From Your Microwave to Your Car, Government Leaves Nothing Untouched

AA - Obama Breakfast CerealsHERITAGE FOUNDATION, GENEVIEVE WOOD

How many government rules do we need?

According to the Government Accountability Office (GAO), federal regulators issued more than 2,000 new rules in 2013—doing such helpful things as restricting access to mortgage credit and imposing new limits on the amount of energy a microwave oven can consume when it is in standby mode or turned off. Seriously.

A new Heritage study shows the Obama administration is rolling out the red tape at a record pace. Since taking office, Obama has instituted 157 new major rules and mandates at a cost to American taxpayers of $73 billion a year. That’s more than double the amount of such regulations his predecessor, George W. Bush, had implemented in his first five years.

Obama’s belief that he doesn’t need Congress to implement his policy agenda—he’ll just use his phone and pen—is certainly a big part of the problem. But he’s bolstered by a Congress that passes such vaguely worded legislation it allows unelected bureaucrats in federal agencies all over Washington to write up the real rules.

>>> Check out our infographic on Obama’s red tape

The 907-page Affordable Care Act; the 1,582–page, trillion-dollar spending bill (accompanied by 1,278 pages of explanatory statements); and the 959-page farm bill were too long for most members of Congress to read, but apparently they weren’t long enough to spell out how these laws would work. So the bureaucrats at Health and Human Services, the IRS, the FDA, the newly created Consumer Financial Protection Bureau, and all the other alphabet-soup agencies who aren’t accountable to voters, will handle all those details.

How convenient for our elected officials. This way, Rep. Nancy Pelosi (D-Calif.) can not only say she didn’t know what was in the health care law before she voted for it; she can also say she isn’t responsible for its implementation. That part you don’t like? That’s from the guys down the street at the IRS and HHS.

And what are the proven benefits, costs, and potentially unintended consequences of all these regulations? You aren’t supposed to ask that question in Washington—sometimes because the people running things don’t know the answer, but many times because they do.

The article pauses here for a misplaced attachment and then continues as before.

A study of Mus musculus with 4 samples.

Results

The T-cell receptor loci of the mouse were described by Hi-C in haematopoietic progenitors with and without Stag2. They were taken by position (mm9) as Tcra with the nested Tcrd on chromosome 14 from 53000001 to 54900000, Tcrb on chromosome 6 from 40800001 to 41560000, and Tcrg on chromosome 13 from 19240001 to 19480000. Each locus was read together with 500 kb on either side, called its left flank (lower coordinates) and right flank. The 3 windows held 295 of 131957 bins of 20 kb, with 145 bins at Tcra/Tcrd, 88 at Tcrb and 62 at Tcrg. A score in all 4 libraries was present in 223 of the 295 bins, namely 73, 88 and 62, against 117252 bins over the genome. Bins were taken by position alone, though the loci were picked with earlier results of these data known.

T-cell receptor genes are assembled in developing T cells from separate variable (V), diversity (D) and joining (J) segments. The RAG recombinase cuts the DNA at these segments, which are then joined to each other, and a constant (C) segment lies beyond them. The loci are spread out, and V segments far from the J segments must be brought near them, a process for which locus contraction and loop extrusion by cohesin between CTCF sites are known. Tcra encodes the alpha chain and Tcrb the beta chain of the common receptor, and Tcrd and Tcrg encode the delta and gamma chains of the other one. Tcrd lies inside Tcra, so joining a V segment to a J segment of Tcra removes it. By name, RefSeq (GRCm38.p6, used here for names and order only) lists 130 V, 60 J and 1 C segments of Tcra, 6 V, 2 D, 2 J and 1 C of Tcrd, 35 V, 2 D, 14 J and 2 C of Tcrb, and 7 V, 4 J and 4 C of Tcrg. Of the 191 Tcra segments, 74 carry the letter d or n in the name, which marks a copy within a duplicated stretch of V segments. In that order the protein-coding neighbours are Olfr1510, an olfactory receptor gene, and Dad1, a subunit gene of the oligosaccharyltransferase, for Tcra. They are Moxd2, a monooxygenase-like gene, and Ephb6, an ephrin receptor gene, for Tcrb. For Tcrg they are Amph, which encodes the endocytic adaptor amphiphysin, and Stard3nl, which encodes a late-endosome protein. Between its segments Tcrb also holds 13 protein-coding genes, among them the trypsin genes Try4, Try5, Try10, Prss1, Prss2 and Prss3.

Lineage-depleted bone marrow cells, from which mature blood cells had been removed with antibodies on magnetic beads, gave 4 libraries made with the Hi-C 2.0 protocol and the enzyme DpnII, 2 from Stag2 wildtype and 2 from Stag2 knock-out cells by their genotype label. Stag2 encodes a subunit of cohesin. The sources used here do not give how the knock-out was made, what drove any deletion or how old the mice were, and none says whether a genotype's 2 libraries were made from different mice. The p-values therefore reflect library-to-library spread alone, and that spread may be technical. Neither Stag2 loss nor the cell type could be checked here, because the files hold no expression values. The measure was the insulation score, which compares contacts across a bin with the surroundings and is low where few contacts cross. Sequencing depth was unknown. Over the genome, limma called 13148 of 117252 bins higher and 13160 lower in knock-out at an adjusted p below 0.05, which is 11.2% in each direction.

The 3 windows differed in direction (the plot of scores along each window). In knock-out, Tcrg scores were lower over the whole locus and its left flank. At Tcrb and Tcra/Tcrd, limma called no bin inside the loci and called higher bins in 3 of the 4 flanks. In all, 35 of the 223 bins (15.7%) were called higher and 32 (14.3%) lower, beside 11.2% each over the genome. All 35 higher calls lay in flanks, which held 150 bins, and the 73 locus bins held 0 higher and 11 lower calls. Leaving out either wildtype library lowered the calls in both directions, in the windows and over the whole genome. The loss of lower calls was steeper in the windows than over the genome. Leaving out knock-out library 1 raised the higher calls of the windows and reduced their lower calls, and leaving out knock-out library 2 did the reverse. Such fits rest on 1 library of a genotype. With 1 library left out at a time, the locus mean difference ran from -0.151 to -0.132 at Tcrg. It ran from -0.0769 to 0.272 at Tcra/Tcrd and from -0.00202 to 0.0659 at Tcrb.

For example, when the Environmental Protection Agency announced its forthcoming climate change regulations, nowhere did the Obama administration or its officials report that these mandates would destroy nearly 600,000 jobs over the next 10 years, 330,000 of which would be manufacturing jobs, and that a family of four’s income would likely drop by $1,200 per year. And nowhere did the EPA prove that the regulations would have any meaningful environmental benefit.

Or take the menu-labeling mandate, one of many onerous regulations under Obamacare. The Food and Drug Administration, the agency charged with carrying it out, says the first-year costs of implementation across all affected businesses will be $537 million. Industry experts, however, say it could cost $1 billion for supermarkets alone.

But, why figure all that out in advance? Why give consumers a heads up that this regulation means they’ll be paying more when they go out to eat and facing higher prices at the grocery store? Oh, and by the way, not only is there no evidence the menu labeling works; there is actually evidence it does not.

And more unaccountable intervention is on the way. More than 2,300 planned regulations are in the pipeline, including one from the National Highway Traffic Safety Administration that would require new cars to have a rear-mounted video camera and in-vehicle screen to reduce the likelihood of a vehicle striking a pedestrian while in reverse. No word yet on whether bureaucrats can tell that people will look at the screen any more than their rearview mirrors before backing up. You can, however, count on the fact it will increase the price of every car.

All these rules have a strangling effect on the economy and grow the size and reach of government—two things we definitely don’t need.


This article was originally published at Heritage.org. Used with permission.